Barker, Collin1; Jevon, Gareth2; Mock, Thomas3

Journal of Pediatric Gastroenterology and Nutrition: October 2006 - Volume 43 - Issue 4 - p E43
North American Society for Pediatric Gastroenterology, Hepatology, and Nutrition Annual Meeting, October 19-22, 2006, Orlando, Florida: Abstracts: POSTER SESSION II, FRIDAY, OCTOBER 20, 2006, 12:15 p.m. - 2:15 p.m.: Intestine/Colon/IBD: 92

1Pediatric Gastroenterology, BC Children's Hospital, Vancouver, BC, Canada; 2Pathology, BC Children's Hospital, Vancouver, BC, Canada; 3Patholgy and Laboratory Medicine, BC Children's Hospital, Vancouver, BC, Canada.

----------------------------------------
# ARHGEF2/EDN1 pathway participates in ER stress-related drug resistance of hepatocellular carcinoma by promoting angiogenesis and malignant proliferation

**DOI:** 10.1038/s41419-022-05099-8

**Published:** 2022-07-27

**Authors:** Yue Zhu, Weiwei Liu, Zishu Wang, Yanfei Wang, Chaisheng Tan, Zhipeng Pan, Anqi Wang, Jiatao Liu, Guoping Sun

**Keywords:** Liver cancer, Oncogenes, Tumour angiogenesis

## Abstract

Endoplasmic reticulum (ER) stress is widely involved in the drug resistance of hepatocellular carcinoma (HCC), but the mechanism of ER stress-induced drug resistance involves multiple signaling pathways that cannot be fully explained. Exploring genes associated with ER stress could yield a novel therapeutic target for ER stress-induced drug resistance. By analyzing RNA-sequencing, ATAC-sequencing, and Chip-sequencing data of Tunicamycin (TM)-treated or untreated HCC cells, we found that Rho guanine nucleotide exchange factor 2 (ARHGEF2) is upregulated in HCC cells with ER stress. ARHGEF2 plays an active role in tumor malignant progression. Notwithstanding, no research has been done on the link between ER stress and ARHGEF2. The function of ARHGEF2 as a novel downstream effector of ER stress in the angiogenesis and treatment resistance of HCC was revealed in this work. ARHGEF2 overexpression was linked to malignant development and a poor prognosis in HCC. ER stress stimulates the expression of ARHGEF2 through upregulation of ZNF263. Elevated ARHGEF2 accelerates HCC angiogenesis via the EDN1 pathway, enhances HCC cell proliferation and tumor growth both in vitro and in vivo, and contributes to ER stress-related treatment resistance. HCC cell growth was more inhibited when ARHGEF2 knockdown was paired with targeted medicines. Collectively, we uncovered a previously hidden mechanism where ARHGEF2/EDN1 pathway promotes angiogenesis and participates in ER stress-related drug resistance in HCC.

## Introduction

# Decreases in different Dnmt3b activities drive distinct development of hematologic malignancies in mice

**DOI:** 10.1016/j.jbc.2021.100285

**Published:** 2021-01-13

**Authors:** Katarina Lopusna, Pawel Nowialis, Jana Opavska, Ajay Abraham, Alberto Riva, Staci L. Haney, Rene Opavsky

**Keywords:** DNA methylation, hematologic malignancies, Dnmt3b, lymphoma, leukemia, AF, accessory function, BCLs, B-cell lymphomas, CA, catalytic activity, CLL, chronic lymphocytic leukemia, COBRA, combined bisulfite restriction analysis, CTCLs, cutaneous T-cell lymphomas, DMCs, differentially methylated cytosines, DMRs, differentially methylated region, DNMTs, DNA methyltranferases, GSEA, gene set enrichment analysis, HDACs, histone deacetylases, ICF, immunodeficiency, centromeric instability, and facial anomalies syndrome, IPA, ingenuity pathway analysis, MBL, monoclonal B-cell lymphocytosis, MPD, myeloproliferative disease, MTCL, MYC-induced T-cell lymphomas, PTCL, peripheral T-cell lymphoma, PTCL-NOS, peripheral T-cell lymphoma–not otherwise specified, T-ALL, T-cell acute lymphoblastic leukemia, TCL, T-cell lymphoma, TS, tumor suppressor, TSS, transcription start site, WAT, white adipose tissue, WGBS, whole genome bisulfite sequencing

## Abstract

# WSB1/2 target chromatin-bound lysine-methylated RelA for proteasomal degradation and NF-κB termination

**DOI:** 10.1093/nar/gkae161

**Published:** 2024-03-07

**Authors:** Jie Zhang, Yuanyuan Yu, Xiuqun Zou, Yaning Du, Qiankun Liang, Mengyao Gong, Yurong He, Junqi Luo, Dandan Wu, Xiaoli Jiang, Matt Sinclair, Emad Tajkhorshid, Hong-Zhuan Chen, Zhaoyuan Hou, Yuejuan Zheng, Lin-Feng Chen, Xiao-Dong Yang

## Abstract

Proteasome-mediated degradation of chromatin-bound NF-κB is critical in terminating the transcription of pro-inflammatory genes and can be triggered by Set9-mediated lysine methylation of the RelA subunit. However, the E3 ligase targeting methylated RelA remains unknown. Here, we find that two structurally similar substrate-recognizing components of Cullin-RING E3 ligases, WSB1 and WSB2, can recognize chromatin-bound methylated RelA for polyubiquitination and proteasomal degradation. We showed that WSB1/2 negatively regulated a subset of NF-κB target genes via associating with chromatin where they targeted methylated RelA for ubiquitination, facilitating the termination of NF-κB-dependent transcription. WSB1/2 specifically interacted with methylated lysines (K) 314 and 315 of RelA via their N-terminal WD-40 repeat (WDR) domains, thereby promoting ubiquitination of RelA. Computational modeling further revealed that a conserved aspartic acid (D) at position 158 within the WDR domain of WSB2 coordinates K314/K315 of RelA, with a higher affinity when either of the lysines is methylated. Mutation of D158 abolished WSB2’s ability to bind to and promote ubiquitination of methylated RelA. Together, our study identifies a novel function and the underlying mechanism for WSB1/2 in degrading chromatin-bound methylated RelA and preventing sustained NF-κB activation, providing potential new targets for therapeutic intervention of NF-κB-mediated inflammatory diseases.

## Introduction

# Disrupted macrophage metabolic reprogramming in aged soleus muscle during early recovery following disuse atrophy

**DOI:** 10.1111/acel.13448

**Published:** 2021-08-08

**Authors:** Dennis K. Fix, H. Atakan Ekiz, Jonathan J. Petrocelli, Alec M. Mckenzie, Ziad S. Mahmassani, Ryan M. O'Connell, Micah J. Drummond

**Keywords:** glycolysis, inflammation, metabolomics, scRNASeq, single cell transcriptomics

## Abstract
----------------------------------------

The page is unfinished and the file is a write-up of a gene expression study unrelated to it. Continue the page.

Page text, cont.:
Celiac Disease has been found to be far more common than previously recognized due to the widespread availability of highly sensitive and specific screening tests such as the anti-tissue transglutaminase antibody (TTG). The TTG has been reported to have a greater than 90% specificity and sensitivity. These reports did not look at antibody titres as part of their protocols. This prospective cohort study was designed to assess whether or not a high titre TTG was predictive of celiac disease and how it compared to mid-range titres and the overall predictive value using the recommended screening level titre cut-offs (≥20 U for this commercial kit). Methods: From January 2005 to April 2006, 289 patients age 9 months to 17 years were recruited. 101 potential subjects and 188 controls. All TTG results were either reported from or confirmed at our hospital laboratory. Results: All 188 controls had negative TTG results and biopsy results not in keeping with celiac disease based on the modified Marsh criteria. Of the 101 potential subjects, 3 had low IgA levels (all 3 normal biopsies, not in tables below), 10 with high TTG's on outside labs were normal on repeat testing, and 88 had raised TTG's. See Tables below. Conclusion: Only high titre TTG results (>200 U using our commercial kit) were reliable in predicting positive biopsy results. The sensitivity at the screening test cut-off titres (>20 U) was 100% but the specificity was only 85% (198/234) which is lower than previously reported.